What lockdown? Traffic returns, and so do carbon emissions
It turns out even a global pandemic can’t keep humans from spewing carbon dioxide into the atmosphere. The COVID-19 outbreak is far from over, but countries around the world are reopening anyway — and triggering a global surge in carbon emissions. The main reason? People are taking refuge from the coronavirus in their cars.
According to a recent update of a study originally published in Nature Climate Change, fossil fuel pollution has bounced back rapidly as lockdowns have started to lift around the world. In early April, when billions of people were sheltering in place, global daily carbon dioxide emissions were 17 percent lower than they were in 2019; now, it’s almost as if the lockdowns never happened.
“We’ve already come pretty close to where we would have been last year,” said Rob Jackson, chair of the Global Carbon Project and one of the co-authors of the study. He said daily global emissions are now just 5 percent less than the daily average in 2019 — and will likely continue to climb.
It’s all because of traffic, Jackson said. The dip in emissions during the lockdowns mostly came from transportation, as people stopped driving to work and taking flights. (Other emissions, like those from electricity, heat, and industry, continued apace.)
But as the world slowly returns to something resembling “normal,” traffic is on the rise. In the U.S., passenger vehicle travel dropped by almost 50 percent in early April; now it’s back to 90 percent of February levels.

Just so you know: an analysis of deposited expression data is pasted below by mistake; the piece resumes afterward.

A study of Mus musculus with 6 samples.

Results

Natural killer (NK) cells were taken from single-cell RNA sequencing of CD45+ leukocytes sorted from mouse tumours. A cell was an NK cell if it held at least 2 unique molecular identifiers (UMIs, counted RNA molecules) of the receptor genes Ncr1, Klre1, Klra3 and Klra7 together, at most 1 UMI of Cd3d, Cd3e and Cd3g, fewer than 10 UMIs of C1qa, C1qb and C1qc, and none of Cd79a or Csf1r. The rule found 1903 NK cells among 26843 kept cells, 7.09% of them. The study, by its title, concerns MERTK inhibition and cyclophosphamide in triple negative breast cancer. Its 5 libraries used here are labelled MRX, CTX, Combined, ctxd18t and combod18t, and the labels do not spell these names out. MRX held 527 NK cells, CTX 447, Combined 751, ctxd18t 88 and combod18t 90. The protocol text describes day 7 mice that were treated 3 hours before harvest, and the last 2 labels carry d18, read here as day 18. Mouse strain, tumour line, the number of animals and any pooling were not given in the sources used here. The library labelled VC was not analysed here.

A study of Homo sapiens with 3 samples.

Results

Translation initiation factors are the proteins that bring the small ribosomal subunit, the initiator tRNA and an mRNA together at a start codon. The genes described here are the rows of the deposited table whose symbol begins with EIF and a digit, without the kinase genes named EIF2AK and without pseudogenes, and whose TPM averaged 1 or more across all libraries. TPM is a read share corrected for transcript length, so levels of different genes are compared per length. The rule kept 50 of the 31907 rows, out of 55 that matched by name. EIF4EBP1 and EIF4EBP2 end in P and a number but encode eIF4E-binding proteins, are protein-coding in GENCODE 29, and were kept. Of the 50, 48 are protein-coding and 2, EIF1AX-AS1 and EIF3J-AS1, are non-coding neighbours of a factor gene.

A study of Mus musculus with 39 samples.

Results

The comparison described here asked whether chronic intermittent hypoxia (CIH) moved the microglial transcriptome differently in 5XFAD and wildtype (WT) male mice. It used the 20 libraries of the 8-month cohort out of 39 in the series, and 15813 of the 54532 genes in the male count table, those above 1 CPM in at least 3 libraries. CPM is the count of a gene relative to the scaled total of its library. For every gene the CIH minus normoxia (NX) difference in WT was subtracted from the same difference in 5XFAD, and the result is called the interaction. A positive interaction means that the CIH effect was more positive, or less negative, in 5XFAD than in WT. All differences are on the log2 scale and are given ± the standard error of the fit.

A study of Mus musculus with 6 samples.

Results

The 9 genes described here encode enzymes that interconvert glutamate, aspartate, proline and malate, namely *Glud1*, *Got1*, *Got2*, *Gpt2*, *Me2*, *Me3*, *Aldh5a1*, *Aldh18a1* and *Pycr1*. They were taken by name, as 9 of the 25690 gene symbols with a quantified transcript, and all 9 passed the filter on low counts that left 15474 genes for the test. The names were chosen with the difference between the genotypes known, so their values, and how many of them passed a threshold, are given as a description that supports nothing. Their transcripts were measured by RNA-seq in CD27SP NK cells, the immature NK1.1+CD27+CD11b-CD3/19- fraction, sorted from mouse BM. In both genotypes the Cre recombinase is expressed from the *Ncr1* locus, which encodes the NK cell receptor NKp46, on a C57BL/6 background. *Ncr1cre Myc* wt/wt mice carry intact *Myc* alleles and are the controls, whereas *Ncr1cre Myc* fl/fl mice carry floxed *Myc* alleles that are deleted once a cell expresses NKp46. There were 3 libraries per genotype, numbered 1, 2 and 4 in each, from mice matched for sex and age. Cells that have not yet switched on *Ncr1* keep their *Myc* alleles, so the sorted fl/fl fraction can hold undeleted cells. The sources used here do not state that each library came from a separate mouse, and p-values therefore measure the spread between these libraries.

Fear of the coronavirus is also pushing people to get in their cars, instead of taking public transit. Last month, the Centers for Disease Control and Prevention released guidelines encouraging people to drive to work solo, instead of taking the bus or the subway. (They quietly revised those guidelines two weeks later to also encourage biking or walking.) Last Monday, 800,000 people rode the New York City subway, the highest number since March — but that’s still only 15 percent of normal.
The researchers still expect emissions for the whole of 2020 to be down 4 to 7 percent compared with last year, depending on the pace of reopening. But that’s not even close to enough to slow down climate change. Keeping global warming below dangerous levels would require a 7.5 percent drop in emissions every year.
Jackson said he hopes that there will be some lingering positive effects from the shutdown, like cities making streets more pedestrian-friendly or workplaces incorporating more telecommuting. But, he said, scientists always knew the drop in emissions wouldn’t last.
“People want to move on with their lives,” Jackson said. “We can’t reduce emissions just by locking people at home.”